By Makarand Paranjape
At his Guru’s samadhi he weeps,
pondering over the secret significance of his life.
It is not as if he has not known
how it would all end.
Everything has been shown him beforehand:
‘You’ll lose her and she’ll go so far away
that you may never see her again.
One day, you’ll wake up, bereft, in a cold, empty bed.
Then, for years, your eyes will pine to catch just a glimpse of her face…’
Such was the Guru’s blessing.
And he had seen it all
much before it happened
And yet, he couldn’t resist the force of the boon,
and was swept along.
He saw a caravan of camels, slowly
trudging across the golden sands of the desert,
carrying a princess’ dowry. His bride
was starting her long journey towards him,
from distant lands where the laws and customs
are different. He could not even see her face
beneath her veil but he could recognize those eyes anywhere.
How carefully had her family prepared
for this day, storing up and saving,
through feast and famine. And he also saw
as if in a swift replay, all the hours she
herself sat up by an oil-lamp, painstakingly
working on her trousseau. All that delicate
embroidery, the napkins, table cloths, and bed sheets,
all those colorful vases which she herself had painted,
and in her spare time, the dolls she’d made
out of rags, and the jewelry from bits of glass,
not knowing, all along, whom she would bestow herself
and all this treasure upon.
Only, she prayed to her Pir:
‘Marry me off to a good man, that’s all I ask.’
And their wedding, how suddenly it happened,
the nikah namah drawn up overnight,
after he suddenly recognized who she was,
the swiftest conclusion of the terms of the contract,
the clandestine ceremony, with only two witnesses,
and then fleeing from feuding clans under cover Of darkness.
His bride, how she offered herself to him
in such sacred secrecy, the petalled perfection
of white limbs which no man before had touched or seen
and yet, how little he knew her. Still she
shielded her face from his direct gaze,
pleading: ‘Not now, not now’, many times,
hiding those eyes which even the moon
hadn’t espied, ‘trust me and wait for the right time’.
And after the joining of passion and prayer,
she had washed herself, sat down before
her shrine, and shut her eyes. Her lips moved;
he could hear her clearly: she was actually talking
to God, in such low, intimate tones, as if she’s
known him for ages. Afterwards, she lifted her
Pir’s picture to her forehead and then
uncovering her face, said: ‘Now look.’
In her eyes, he saw figures, events, and happenings
from another age and time. He saw ancient, bearded
women, with strange eyes, turning their beads in some
faraway sanctuary. He saw men in flowing robes and turbans.
Ethereal music in the watches of the night,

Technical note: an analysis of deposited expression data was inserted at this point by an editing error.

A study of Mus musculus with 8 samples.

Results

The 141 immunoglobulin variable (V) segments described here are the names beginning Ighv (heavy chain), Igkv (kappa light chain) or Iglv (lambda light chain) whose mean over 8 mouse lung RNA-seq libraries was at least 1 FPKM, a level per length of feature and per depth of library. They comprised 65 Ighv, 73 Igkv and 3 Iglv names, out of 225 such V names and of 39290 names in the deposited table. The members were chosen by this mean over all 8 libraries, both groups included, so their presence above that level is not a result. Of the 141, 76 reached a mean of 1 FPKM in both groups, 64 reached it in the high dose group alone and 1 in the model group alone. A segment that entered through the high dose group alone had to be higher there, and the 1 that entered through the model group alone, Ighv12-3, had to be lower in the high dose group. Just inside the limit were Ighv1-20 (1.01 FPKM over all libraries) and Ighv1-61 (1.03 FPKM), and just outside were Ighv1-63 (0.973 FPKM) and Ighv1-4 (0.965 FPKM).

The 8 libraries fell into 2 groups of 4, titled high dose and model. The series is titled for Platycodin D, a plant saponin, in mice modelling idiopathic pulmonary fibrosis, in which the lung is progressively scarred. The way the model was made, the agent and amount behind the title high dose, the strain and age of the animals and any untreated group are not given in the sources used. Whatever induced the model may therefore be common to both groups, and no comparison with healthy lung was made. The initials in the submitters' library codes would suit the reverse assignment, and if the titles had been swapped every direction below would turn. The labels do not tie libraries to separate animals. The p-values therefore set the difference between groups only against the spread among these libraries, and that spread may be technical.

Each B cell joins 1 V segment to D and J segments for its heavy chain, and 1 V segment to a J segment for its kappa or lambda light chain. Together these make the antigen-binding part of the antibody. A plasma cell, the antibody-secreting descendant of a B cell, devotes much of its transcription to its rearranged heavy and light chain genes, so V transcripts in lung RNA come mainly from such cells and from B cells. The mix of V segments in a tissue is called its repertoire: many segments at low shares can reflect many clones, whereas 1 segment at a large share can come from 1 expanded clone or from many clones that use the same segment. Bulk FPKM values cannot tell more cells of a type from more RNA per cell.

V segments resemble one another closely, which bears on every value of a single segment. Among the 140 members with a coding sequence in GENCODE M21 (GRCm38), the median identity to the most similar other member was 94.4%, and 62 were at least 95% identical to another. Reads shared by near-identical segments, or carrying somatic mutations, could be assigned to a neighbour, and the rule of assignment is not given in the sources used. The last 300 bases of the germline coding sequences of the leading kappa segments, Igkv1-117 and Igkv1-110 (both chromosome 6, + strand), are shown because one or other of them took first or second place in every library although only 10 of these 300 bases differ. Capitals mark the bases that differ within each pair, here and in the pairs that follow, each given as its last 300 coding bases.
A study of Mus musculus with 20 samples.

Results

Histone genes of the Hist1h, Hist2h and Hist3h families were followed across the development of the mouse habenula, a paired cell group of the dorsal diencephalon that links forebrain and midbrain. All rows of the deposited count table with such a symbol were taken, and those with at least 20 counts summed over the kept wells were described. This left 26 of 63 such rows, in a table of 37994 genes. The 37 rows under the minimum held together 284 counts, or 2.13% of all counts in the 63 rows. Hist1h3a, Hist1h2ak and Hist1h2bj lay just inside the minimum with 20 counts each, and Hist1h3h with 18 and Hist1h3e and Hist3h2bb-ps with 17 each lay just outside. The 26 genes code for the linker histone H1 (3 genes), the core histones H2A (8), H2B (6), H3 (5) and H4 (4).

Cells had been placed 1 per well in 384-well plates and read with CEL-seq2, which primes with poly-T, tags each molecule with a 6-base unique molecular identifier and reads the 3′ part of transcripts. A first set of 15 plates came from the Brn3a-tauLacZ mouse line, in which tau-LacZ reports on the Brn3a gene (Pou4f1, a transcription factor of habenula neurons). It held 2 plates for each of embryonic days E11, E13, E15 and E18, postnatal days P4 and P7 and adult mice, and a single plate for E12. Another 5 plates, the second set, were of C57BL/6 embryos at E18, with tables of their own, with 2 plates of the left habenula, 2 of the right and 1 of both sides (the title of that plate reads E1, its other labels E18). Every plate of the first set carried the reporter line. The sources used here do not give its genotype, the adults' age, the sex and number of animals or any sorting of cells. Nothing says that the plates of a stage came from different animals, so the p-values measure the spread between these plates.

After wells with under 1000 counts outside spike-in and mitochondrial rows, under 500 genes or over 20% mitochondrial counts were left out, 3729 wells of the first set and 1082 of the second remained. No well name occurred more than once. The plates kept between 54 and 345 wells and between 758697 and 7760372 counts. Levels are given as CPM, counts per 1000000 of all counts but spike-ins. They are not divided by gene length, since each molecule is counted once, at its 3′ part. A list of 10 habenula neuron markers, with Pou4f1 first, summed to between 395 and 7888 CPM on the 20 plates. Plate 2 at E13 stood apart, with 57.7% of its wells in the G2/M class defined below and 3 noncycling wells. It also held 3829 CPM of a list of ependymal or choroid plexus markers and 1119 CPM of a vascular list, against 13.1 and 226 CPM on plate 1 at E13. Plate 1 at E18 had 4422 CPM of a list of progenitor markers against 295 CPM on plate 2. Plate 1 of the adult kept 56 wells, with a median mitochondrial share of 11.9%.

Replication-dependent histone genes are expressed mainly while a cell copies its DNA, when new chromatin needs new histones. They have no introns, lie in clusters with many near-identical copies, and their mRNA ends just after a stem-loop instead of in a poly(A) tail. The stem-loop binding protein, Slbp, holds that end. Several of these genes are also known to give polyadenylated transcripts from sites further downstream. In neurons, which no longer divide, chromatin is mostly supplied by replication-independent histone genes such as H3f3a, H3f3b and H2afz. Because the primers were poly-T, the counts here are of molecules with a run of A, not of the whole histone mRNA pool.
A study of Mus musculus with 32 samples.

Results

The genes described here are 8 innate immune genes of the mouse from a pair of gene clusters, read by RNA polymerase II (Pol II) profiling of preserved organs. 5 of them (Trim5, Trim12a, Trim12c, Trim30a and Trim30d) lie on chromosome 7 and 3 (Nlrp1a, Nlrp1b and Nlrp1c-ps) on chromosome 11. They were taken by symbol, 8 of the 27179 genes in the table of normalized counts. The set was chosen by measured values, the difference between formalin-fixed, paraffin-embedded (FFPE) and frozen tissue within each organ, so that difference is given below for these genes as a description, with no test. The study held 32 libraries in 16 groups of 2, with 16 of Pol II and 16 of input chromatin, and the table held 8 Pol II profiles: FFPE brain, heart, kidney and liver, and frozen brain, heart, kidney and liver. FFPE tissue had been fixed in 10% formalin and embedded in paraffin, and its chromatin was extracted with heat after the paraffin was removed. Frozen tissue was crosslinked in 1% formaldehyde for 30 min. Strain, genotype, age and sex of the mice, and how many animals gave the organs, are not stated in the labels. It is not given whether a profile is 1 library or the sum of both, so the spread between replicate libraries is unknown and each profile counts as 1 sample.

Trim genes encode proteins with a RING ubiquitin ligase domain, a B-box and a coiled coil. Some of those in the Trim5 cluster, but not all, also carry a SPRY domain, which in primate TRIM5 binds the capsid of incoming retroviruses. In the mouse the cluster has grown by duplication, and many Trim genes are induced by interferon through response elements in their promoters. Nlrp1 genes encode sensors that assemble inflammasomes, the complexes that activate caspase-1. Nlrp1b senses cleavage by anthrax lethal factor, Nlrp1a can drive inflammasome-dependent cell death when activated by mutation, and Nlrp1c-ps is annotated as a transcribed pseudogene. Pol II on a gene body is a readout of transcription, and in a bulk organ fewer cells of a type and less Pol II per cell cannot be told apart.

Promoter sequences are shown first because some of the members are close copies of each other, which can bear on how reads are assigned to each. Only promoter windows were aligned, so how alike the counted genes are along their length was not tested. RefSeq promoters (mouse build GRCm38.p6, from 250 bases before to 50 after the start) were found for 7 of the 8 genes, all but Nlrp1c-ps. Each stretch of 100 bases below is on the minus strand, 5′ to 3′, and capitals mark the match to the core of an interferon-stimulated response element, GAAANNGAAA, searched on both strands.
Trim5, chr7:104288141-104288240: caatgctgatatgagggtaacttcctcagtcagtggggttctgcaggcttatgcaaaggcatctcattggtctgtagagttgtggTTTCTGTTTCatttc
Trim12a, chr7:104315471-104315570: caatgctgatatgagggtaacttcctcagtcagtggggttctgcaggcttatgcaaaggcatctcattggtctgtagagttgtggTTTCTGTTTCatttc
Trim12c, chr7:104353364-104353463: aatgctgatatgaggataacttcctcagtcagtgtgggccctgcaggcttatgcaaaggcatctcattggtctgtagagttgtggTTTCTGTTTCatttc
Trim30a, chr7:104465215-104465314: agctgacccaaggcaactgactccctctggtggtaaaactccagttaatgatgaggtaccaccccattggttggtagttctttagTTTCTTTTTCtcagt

chanting and clapping, incense and rose petals.
There the days were cool and the nights warm,
and the doors remained open day and night
for everyone, the beaten, the bruised, the defeated,
the outcast, the abandoned, even to dogs, cats, and cattle,
not to speak of birds and insects. The water in the baoli
was clear and sweet: here the very trees seemed to laugh
and dance in joy and every single leaf was free.
He was brought into a huge hall of audience and presented
before a figure of light seated on the throne. When
he fell at his feet, other luminous beings picked him up
and led him on.
‘He’s one of our own,’ they pronounced.
The Master looked at him kindly and placed
his hand upon his head. ‘Treat our child well; she’s a precious jewel.’
He didn’t want to leave that enchanted world but his bride
smiled: ‘That’s enough. Now our marriage is consummated.’
He suddenly realized that the look is more intimate than
touch and must be saved for last.
And yet, now she’s gone just as he had been told.
Distraught, he wants to retaliate,
make her pay for what she did to him
but he cannot harm or hate her,
the Guru has taken away his power to hurt:
‘Once on the path, all you can do is to bless people,
you are not allowed to curse anyone.’
Helpless in his grief, he wants to ask,
What kind of blessing is this?
His hot tears soak the cool marble.
As if in reply, in the haze ahead,
he sees a man in his likeness on horseback,
dressed in the costly robes of a prince,
as if on an inspection tour of one of his villages.
The whole village is cowering about him,
to pay homage and make petitions.
There at the back, stands a poor woman,
with a half-naked child on her hip.
When his eyes meet hers, his heart stops:
what, what is she doing there?
His bride, his princess, why is she in rags?
Whose child is she carrying?
It is as if the Guru is speaking to him:
‘Now do you understand how men like you
become the lords of the earth?
A woman who loves you has been praying
for your success, rubbing her nose
before countless altars, fasting, keeping vigils,
sacrificing herself entirely so that
you may attain your heart’s desire.
And look how wretchedly she herself lives,
accepting a life of privation in exchange
of your fulfilling your lust for power.
Don’t question why I sent her away;
a woman like that ensures your good fortune
even when she’s separated from you.’
A chastened man, he rises from the shrine.
He makes a prayer for his beloved,
‘Naam nigehbaan, Janum,‘ he whispers,
her tearstained face in the void of his heart,
‘be happy wherever you are, my blessings
are always upon your head and the heads
of your children.’
Cleansed, he emerges
from the hospice, collects his shoes,
distributes coins and notes among the beggars
lining the street. A large car drives up;
he takes the handkerchief off his head, steps in,
and disappears into the traffic of the city.